How to Foster a Positive Business Relationship with Native Americans - dummies

How to Foster a Positive Business Relationship with Native Americans

By Michael Soon Lee, Ralph R. Roberts

Native Americans, also called American Indians, may play a part in your business, either as business customers or business contacts. Native American culture shapes the way that this cultural group interacts in business situations.

  • Common greeting: A very gentle handshake.

  • Personal space: Greater than for other North Americans at 2 1/2 to 3 feet. Native Americans greatly value their personal space.

  • Eye contact: Very little.

  • Approach to time: Less punctual. American Indians tend to see time as an endless circle where the past, present, and future are all continuous. Arriving for appointments 15 to 30 minutes late isn’t unusual.

  • Language: English. Hundreds of nation-specific languages are also spoken.

  • Communication: Native American communication style is greatly affected by their values of humility, respect for elders, and harmony.

    As indirect communicators, Native Americans often exchange information and convey beliefs through storytelling. The most effective method of business communication is to tell stories.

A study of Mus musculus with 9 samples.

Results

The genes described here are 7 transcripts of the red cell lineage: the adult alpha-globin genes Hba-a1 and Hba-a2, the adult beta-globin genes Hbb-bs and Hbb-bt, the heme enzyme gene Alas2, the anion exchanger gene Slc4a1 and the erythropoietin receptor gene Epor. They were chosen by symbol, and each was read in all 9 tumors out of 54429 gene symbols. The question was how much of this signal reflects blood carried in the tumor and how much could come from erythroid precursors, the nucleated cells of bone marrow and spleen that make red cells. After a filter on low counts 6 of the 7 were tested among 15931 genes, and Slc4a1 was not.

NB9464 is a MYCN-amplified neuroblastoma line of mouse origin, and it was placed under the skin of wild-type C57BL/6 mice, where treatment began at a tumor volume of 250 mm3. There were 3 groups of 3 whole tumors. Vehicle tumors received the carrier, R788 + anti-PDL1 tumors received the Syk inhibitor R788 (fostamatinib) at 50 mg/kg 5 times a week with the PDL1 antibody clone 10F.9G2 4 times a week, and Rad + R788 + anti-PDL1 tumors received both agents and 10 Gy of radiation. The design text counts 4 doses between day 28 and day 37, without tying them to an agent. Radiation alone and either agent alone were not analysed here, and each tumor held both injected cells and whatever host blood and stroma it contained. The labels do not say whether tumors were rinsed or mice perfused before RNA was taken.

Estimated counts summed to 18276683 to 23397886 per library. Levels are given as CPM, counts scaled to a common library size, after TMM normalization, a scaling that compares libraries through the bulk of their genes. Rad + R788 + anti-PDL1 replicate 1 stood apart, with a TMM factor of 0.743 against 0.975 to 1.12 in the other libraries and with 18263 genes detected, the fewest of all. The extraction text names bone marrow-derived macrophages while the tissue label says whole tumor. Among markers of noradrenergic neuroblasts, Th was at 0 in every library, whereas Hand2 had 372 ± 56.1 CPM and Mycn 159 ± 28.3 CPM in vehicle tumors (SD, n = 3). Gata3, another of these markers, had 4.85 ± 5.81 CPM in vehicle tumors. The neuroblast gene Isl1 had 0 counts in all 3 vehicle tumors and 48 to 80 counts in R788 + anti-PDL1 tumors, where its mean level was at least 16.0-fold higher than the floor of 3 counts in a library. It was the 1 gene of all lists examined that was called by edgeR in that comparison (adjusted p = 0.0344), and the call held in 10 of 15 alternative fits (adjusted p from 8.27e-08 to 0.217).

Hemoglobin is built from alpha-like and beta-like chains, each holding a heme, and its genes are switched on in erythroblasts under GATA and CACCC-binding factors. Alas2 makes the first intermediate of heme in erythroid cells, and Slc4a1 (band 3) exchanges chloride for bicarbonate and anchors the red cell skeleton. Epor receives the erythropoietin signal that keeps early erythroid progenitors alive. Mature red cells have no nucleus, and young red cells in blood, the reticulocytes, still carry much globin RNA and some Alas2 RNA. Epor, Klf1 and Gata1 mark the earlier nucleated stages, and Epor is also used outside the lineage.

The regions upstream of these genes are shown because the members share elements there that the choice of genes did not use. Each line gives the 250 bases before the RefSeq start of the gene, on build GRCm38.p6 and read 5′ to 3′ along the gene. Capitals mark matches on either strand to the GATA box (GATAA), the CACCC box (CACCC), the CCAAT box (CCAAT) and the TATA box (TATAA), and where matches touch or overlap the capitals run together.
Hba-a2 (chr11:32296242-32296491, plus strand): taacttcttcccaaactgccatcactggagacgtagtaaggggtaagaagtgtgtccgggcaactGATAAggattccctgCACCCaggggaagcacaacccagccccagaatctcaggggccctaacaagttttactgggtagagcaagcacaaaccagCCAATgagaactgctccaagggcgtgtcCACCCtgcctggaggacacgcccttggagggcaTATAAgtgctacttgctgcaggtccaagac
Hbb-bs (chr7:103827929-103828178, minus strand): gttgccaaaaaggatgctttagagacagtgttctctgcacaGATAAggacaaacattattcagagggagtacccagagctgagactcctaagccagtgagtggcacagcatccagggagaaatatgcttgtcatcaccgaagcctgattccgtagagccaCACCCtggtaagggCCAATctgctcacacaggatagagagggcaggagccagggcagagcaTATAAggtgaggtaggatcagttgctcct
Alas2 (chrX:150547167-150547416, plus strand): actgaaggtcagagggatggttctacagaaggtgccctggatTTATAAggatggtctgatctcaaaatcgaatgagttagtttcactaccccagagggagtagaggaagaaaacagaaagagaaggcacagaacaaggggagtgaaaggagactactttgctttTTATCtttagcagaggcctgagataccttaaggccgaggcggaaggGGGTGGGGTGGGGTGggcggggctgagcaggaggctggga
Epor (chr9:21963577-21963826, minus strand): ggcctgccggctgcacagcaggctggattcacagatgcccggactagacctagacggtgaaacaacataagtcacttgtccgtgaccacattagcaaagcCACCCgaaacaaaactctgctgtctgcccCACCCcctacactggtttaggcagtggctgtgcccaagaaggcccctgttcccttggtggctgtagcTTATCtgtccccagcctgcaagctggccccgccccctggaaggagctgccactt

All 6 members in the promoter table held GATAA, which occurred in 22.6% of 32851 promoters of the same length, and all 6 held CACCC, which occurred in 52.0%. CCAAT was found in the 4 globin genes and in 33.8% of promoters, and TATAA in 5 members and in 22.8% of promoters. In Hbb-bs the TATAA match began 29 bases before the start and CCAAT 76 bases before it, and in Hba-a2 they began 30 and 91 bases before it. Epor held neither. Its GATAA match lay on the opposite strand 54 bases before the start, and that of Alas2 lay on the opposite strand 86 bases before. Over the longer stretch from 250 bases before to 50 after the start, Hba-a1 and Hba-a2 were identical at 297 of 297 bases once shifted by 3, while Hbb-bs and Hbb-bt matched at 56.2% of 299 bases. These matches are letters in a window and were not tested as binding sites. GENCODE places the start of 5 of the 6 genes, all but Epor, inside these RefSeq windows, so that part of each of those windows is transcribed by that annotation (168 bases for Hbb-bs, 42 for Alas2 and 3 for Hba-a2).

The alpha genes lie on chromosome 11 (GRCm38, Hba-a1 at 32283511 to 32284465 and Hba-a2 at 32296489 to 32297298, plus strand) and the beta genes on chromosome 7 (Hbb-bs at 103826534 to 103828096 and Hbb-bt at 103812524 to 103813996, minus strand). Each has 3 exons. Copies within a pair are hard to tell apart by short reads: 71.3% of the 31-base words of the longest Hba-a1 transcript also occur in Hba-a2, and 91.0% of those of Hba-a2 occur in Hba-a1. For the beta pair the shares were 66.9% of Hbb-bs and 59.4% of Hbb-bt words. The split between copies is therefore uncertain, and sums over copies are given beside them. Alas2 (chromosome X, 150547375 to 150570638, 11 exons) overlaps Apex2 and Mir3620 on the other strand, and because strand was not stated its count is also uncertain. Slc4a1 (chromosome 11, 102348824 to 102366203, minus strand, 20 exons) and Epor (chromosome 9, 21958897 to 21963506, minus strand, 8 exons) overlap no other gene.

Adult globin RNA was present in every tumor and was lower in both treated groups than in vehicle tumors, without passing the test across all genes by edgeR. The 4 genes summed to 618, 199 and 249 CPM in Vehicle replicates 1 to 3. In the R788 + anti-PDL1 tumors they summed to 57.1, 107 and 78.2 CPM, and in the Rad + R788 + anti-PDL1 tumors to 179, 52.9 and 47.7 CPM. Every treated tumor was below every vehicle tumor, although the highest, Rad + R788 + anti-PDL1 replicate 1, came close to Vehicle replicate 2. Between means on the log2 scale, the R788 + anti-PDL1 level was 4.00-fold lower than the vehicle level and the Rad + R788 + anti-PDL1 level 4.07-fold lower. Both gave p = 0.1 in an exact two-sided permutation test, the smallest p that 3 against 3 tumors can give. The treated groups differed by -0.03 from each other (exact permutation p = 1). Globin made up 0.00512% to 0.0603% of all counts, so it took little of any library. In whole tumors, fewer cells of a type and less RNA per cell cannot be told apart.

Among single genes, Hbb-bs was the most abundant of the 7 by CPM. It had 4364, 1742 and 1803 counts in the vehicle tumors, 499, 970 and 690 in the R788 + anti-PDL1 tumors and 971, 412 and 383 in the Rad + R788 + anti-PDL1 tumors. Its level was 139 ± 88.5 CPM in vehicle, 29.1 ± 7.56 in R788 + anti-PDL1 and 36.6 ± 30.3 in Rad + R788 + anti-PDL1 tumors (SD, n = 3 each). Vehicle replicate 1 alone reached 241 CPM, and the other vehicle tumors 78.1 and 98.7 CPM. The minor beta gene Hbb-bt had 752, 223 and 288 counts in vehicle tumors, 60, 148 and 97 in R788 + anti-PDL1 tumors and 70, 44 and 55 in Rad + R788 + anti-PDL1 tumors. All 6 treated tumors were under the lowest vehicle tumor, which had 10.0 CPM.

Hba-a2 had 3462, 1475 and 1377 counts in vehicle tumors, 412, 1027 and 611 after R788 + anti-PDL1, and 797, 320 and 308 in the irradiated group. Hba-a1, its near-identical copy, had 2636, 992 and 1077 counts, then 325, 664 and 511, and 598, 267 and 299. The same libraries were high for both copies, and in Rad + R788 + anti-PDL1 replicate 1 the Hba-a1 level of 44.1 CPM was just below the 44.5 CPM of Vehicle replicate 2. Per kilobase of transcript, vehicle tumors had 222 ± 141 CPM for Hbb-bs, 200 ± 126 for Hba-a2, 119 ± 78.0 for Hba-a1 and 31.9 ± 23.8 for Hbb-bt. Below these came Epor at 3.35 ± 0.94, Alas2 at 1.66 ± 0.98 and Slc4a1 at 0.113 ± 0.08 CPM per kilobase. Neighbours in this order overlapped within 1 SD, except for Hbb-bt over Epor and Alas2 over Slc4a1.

• Topics for building rapport: Anything you would normally about with any other long-established American culture group, such as entertainment, sports, nature, or education.

  • Negotiations: More collaborative and less confrontational than Caucasians. They want to bring about agreement through good feelings.

  • Actions to avoid: The words squaw, redskin, tribe, peace pipe, or chief.

  • Tips for businesswomen: Many of the Indian nations have a matriarchal structure where women are considered powerful figures, so you shouldn’t face any extra challenges when working with male Native Americans.

Alaska’s indigenous people are divided into 11 distinct cultures with 20 different languages in addition to English. Great diversity exists among its peoples; therefore, it’s impossible to begin to even generalize cultural tendencies.